Better living through nature
Humans aren’t the only ones affected by hay fever. It’s true—when allergy season rolls around, you may not be the only one sneezing and itching. Your pet may be too.
Pet allergies are usually caused by the same thing human allergies are: your pet’s immune system meets an allergen or antigen it doesn’t like and reacts the same way our bodies do. The allergens that set off allergic reactions in pets are often similar to ours as well, including pollen, mold and mildew, and dust mites.
The most common reactions among pets come in the form of dermatitis. Itchy skin, rash, and hair loss are all common signs. Pets can also suffer from the same hay fever we do, so coughing, sneezing and wheezing are also red flags your dog or cat may be suffering from allergies.
Hay fever is no fun, for you or your pet.
Photo by protographer23/Courtesy Flickr
The good news? There are quite a few ways to treat pet allergies, and they don’t have to come from your medicine cabinet. Here are a few ways you can treat your dog or cat at home:
• Monitor the pollen count. By monitoring the pollen count, just as you would for yourself, you can tell whether it’s safe to go on a long hike with Fido, or whether a quick trip outside is best that day.
• Wipe your pet’s paws when they enter your home. This will help your allergies as well as your pet’s, because it will prevent them from tracking pollen throughout your home. Taking your shoes off at the door will help as well.
• Dust and vacuum your house regularly. Dust mites may be to blame for your pet's allergy woes, so it's important to keep your house as spotless and dust-free as possible to help relieve symptoms.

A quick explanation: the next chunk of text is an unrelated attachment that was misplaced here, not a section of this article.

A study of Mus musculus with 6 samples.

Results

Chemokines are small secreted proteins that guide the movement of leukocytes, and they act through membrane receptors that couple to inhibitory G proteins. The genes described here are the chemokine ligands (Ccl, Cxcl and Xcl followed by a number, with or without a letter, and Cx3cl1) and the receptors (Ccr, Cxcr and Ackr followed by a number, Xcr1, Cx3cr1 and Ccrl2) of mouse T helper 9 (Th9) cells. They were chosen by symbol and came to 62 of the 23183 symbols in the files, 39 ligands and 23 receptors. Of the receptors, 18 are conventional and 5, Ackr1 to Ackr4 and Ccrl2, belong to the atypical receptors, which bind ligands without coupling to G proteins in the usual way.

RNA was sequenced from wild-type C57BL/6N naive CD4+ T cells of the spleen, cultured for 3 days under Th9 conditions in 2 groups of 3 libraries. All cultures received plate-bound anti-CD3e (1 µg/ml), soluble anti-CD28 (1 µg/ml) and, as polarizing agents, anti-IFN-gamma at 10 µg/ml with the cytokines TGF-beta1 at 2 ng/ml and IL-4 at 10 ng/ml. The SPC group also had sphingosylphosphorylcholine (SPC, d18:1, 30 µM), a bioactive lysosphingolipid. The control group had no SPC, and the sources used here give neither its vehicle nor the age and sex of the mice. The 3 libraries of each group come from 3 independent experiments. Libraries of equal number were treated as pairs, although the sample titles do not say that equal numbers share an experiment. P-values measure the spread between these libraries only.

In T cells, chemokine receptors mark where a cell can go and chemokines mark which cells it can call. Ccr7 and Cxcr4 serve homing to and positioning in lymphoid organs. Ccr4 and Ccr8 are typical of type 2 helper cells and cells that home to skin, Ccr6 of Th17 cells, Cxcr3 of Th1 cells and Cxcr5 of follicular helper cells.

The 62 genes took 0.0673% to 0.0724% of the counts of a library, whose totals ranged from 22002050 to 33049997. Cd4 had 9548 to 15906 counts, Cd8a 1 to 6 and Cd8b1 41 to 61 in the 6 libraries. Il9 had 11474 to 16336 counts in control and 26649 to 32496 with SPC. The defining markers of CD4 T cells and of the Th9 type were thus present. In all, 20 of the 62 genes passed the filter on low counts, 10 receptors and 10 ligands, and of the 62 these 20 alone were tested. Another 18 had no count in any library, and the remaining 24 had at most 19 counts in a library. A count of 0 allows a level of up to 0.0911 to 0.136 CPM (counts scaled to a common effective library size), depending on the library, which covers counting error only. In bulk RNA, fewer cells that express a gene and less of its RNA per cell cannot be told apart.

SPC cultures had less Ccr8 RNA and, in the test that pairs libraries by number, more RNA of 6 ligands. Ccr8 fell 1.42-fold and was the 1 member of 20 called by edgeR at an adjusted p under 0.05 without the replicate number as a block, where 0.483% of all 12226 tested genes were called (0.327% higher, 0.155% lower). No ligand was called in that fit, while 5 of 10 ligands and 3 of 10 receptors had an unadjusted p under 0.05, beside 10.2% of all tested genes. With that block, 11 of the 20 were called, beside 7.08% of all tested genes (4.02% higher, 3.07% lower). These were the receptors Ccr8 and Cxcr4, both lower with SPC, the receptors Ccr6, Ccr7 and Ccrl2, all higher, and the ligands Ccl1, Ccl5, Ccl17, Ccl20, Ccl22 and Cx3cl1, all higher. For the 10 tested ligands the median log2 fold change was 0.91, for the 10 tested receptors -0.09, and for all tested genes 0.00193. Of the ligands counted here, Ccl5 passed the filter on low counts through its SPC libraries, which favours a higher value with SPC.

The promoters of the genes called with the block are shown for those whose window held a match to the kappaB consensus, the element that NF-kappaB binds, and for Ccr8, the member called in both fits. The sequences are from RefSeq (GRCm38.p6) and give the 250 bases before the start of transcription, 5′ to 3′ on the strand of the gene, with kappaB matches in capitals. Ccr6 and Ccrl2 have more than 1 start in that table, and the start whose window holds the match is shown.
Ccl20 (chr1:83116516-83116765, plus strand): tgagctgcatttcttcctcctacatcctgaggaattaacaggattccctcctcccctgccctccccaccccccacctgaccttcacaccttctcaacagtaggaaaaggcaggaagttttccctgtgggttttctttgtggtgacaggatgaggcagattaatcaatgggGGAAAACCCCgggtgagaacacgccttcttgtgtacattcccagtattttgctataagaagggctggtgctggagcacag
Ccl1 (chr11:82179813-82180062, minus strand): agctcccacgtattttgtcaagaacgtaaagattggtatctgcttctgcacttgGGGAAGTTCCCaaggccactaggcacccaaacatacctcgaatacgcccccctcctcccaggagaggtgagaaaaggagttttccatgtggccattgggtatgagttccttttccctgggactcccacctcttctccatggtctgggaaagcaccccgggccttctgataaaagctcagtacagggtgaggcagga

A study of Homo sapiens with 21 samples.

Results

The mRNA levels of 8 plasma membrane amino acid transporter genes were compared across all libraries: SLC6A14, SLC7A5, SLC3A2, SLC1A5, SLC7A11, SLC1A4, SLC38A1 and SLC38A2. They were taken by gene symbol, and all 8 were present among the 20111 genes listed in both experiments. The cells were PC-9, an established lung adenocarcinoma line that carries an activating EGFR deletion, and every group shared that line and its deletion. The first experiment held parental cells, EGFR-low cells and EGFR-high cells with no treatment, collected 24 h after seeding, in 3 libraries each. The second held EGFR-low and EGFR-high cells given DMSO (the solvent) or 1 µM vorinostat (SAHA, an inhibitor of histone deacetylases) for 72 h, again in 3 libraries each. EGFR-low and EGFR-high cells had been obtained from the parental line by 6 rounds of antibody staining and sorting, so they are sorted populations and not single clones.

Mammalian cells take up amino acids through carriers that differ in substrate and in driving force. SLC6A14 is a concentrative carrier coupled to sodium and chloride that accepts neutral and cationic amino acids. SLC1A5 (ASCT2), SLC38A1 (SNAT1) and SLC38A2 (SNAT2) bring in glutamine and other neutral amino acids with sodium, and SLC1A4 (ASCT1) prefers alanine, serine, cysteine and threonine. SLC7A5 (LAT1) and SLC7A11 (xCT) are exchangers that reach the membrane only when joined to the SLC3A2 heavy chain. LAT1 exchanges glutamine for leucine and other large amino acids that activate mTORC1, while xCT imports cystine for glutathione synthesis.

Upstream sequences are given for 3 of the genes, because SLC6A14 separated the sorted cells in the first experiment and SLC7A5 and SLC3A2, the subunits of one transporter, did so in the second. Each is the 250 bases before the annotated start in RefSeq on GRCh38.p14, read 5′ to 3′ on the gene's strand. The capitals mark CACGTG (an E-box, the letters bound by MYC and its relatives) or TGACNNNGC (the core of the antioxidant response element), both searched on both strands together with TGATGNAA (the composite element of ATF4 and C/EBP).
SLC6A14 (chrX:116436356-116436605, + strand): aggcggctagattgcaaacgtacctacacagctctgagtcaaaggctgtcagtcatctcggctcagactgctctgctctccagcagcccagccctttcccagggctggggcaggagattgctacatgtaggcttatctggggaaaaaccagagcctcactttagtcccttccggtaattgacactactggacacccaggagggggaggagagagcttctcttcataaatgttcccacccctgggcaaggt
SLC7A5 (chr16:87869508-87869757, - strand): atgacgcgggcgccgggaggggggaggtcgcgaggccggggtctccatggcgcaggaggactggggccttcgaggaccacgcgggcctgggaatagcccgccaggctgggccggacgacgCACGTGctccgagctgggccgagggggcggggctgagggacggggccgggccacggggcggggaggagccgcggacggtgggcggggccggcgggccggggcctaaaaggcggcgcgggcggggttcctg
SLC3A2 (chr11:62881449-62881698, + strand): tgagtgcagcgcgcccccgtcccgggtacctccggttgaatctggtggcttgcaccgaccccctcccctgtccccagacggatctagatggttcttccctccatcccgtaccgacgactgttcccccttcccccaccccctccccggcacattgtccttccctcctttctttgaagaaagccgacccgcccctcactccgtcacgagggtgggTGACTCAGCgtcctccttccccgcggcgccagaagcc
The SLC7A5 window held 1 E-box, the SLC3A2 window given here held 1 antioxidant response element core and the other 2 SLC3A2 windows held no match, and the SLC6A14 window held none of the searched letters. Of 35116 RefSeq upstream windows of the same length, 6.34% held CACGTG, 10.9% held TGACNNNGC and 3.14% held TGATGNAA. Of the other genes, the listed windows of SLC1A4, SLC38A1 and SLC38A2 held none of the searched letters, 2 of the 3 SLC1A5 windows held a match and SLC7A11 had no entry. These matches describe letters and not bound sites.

• Give your pet a bath weekly. This may be a struggle, but a dip in the tub once a week will also help prevent home exposure to outdoor allergens.
If your pet’s itchy skin still prevails after you try the above tips, turn to these at-home treatments to give your furry friend some relief:
• Peppermint oil: Simply rub over your pet’s red patches of skin for itch relief.
• Chamomile or oat straw: Mix either of these herbs with bath water to sooth your pet’s skin.
• Apple cider vinegar: Draw a bath mixed with half apple cider vinegar and half lukewarm water. Allow your pet to soak for 10 to 15 minutes.
• Oatmeal: Give your pet an oatmeal bath just like your mom did when you had the chicken pox. Simply mix 1/2 cup grinded oatmeal with lukewarm water until the oatmeal dissolves. Allow your dog to soak 10 to 15 minutes.
If after trying a few of these methods relief still seems nowhere in site, visit your family’s veterinarian to get your pet back to doing what it loves—spending time with you—rather than suffering from seasonal allergies.